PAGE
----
LIVE REVIEW: Dream State @ The Deaf Institute, Manchester (07/04/2019)

Credit: Promo

Date: April 7th, 2019
Venue: The Deaf Institute, Manchester
Support: Parting Gift / Oxbloods / Grief
Website: www.dreamstateofficial.com
Facebook: www.facebook.com/dreamstateuk
Twitter: www.twitter.com/dreamstateuk

Rating:

It’s been just over two years since Dream State released their single ‘White Lies’, a song that soon went viral (its video is currently sitting at over 9,000,000 streams on YouTube) and catapulted them into the spotlight of many, including Australian label UNFD who snapped them up nice and quick.

Their second EP ‘Recovery’ followed a few months later, and with a host of songs to back their live sets, 2018 saw them dominating festival slots and the tour circuit for most of the year. Now, in 2019, it looks like a yet-to-be-announced debut full-length is on the cards, but not before a UK tour to warm themselves up.

Opening up at the Manchester date are fresh faced locals Grief [6], who are actually making their live debut this evening, but you could barely tell. Melodramatic and emotive, these post-hardcore newcomers nestle somewhere between the likes of Casey, Pianos Become The Teeth, and even some hints of Heart In Hand chucked in there too.

Drummer Chloe Griffiths gives it her all, nearly collapsing on the kit a few times between songs, and though a lot of Reece Banks‘ cleans get a little over-encumbered by the rest of his bandmates in the mix, songs like ‘Dormant’ show that there’s definitive promise in this young band.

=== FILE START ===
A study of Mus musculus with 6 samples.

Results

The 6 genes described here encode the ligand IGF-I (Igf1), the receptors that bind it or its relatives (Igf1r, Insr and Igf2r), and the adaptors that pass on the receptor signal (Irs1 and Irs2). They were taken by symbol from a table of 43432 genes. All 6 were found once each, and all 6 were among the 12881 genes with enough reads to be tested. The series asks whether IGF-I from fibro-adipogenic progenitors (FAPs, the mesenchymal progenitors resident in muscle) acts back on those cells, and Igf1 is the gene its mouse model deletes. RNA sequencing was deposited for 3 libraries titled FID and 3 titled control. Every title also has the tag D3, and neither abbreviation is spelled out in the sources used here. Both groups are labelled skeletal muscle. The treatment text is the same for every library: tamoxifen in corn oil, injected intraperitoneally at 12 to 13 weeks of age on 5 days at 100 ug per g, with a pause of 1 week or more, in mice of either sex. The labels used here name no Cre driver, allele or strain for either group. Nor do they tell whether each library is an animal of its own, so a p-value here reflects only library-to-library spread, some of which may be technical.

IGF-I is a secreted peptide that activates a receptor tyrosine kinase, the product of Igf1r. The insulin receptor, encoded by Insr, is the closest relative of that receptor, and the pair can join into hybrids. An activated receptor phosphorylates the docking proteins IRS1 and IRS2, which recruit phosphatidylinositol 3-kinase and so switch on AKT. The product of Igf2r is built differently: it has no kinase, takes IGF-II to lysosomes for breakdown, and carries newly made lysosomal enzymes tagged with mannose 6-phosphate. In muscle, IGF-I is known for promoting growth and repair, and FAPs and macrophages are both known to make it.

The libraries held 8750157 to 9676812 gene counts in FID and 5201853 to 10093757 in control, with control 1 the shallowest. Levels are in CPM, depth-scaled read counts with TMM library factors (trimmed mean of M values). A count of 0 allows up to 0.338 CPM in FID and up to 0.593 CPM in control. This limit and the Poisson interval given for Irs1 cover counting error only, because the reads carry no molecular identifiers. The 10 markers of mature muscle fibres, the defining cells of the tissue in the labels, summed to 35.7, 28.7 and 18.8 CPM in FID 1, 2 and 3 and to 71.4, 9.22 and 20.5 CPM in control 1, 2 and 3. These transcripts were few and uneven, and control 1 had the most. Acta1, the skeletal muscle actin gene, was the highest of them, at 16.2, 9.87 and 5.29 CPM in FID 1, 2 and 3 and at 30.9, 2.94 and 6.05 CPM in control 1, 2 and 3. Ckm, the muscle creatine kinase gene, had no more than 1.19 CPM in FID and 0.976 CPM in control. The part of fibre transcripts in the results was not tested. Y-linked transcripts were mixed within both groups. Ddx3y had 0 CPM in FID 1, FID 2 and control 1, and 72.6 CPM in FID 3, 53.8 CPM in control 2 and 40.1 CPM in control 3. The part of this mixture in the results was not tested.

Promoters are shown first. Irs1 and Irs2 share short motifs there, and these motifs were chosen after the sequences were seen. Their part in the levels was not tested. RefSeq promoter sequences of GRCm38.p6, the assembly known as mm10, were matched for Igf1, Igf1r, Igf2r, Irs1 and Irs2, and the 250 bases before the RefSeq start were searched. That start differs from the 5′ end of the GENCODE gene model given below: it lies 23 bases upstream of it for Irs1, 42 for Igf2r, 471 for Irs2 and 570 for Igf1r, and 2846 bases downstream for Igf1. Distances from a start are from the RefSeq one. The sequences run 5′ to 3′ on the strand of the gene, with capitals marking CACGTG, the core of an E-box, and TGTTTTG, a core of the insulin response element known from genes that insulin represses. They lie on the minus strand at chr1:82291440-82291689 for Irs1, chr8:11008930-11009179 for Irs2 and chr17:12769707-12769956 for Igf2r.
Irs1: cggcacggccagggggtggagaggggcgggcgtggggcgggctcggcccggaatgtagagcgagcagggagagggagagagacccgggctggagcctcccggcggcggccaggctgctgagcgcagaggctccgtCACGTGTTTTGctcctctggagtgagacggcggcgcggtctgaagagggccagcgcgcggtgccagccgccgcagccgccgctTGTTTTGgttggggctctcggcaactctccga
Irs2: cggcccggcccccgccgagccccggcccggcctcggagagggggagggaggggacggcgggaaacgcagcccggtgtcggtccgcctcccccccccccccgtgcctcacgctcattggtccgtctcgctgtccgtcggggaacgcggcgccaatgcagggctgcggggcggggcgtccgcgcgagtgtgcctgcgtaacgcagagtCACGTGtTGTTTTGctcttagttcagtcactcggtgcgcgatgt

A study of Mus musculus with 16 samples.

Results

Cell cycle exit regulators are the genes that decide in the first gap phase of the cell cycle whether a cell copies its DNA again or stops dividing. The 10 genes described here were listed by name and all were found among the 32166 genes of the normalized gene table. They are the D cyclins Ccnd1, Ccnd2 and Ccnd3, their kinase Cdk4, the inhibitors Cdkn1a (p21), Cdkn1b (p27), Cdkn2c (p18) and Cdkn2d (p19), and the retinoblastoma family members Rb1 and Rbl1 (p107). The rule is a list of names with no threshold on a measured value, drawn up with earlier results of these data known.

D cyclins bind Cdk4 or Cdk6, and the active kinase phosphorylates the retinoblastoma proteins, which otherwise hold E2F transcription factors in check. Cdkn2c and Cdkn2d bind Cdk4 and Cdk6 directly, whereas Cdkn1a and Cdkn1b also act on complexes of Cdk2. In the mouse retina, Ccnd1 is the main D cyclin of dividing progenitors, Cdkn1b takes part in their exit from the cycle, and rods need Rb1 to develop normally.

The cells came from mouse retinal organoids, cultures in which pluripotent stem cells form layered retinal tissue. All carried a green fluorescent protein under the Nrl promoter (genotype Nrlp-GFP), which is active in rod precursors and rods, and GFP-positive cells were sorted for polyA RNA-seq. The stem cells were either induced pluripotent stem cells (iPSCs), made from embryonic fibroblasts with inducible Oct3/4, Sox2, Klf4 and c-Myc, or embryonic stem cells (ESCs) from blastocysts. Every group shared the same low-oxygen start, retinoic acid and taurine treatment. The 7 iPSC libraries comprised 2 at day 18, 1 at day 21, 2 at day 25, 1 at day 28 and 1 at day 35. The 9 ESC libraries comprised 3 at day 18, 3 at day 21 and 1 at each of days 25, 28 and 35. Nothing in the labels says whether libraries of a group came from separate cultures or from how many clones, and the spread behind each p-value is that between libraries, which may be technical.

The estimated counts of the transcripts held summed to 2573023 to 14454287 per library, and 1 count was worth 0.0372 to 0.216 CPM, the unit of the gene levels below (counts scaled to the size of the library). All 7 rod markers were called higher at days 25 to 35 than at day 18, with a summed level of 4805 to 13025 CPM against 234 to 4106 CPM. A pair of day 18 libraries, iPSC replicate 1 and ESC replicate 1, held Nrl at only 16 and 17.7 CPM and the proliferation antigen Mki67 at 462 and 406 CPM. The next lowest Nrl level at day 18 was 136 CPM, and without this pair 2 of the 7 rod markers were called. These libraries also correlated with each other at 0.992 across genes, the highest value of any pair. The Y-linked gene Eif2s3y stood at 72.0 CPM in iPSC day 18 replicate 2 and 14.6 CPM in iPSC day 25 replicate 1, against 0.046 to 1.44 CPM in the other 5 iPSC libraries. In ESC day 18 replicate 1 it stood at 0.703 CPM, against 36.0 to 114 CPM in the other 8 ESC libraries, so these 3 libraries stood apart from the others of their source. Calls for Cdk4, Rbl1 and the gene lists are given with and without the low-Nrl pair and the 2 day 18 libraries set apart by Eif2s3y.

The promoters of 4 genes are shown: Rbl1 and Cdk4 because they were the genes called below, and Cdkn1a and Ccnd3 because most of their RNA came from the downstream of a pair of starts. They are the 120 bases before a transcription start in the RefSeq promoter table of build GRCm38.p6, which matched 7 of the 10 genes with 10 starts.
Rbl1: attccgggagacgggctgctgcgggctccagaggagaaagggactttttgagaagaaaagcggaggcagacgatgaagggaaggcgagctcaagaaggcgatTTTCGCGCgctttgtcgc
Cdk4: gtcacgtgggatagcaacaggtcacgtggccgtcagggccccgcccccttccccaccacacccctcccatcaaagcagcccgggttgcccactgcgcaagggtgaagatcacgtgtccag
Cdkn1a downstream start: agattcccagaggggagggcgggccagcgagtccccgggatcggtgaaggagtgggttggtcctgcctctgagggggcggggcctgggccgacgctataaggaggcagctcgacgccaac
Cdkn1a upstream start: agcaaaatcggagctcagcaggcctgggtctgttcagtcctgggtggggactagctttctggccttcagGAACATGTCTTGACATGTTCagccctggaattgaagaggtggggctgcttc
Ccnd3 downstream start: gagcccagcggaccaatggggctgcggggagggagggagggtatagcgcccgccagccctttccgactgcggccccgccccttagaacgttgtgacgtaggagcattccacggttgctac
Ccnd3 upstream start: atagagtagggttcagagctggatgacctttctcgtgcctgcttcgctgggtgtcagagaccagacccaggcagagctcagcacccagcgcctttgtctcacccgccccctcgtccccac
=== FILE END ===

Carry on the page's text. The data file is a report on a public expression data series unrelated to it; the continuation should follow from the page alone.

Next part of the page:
Also representing the Manchester scene are Oxbloods [5], who are definitely the odd ones out on this particular bill, and at times it kinda shows. The alternative rock quartet pick up the tempo and spirits a little bit, and their injection of some subtle elements of electronica and chants are very much in the vein of contemporaries Don Broco.

It’s hard to not bounce along or at least tap your toes to songs like ‘Clinton’ or ‘Stockholm’, and guitarists Chris Horrocks and Matt Lunn even leave the stage themselves to join the crowd on the floor and in the steps at the back. One thing that can’t be disputed is their enthusiasm.

Flying the Manchester banner high lately are Parting Gift [8], who after a couple of years of one-off singles and establishing their sound have finally dropped their debut EP, ‘Ensom’, and the fresh cuts sound as ethereal and haunting live as they do on record.

Frontman Zac Vernon packs one hell of a voice, and through the likes of ‘Vein’ and ‘Rensing’ his emotion is shed and bears through abundantly. George Barnes batters the kit as we’re drawn into ‘Pale’, and guitarist Jack Dutton is clearly passionately enveloped in the surge of their work in set closer ‘Asleep’.

With only two EPs to their name to date, Dream State [9] only have so much to work with to make their statement as tour headliners, but with material like set opener ‘New Waves’ in their arsenal, they’re more equipped than most. Notably bassist Danny Rayer appears to be absent from the stage this evening, but the band press on unfettered.

Admittedly a venue like The Deaf Institute is far more spacious and open than the more compact clubs that the band are used to, even on the remainder of this run, but the Welsh post-hardcore lot manage to adapt. CJ Gilpin is an undeniably great vocalist, switching from impassioned cleans to primal screams with ease, pouncing onto the bar for a good chunk of new single, ‘Hand In Hand’.

The old school fans are treated to ‘Rebuild, Recreate’, ‘In This Hell’ is like a little baby anthem, and by the time we reach the band’s launchpad track ‘White Lies’, the room spurts everyone into one body of energy, bouncing in unison and screaming back at Gilpin, who at this point is surfing the crowd and being carried by the band’s already adoring fanbase.

The most remarkable thing is that the quintet have acquired such a following and they haven’t even released a full-length album yet. Still, with the additional showcase of new cut ‘Huel’ sounding towering and almost monolithic live, nights like this will be just a minor footnote in the story of what Dream State can become.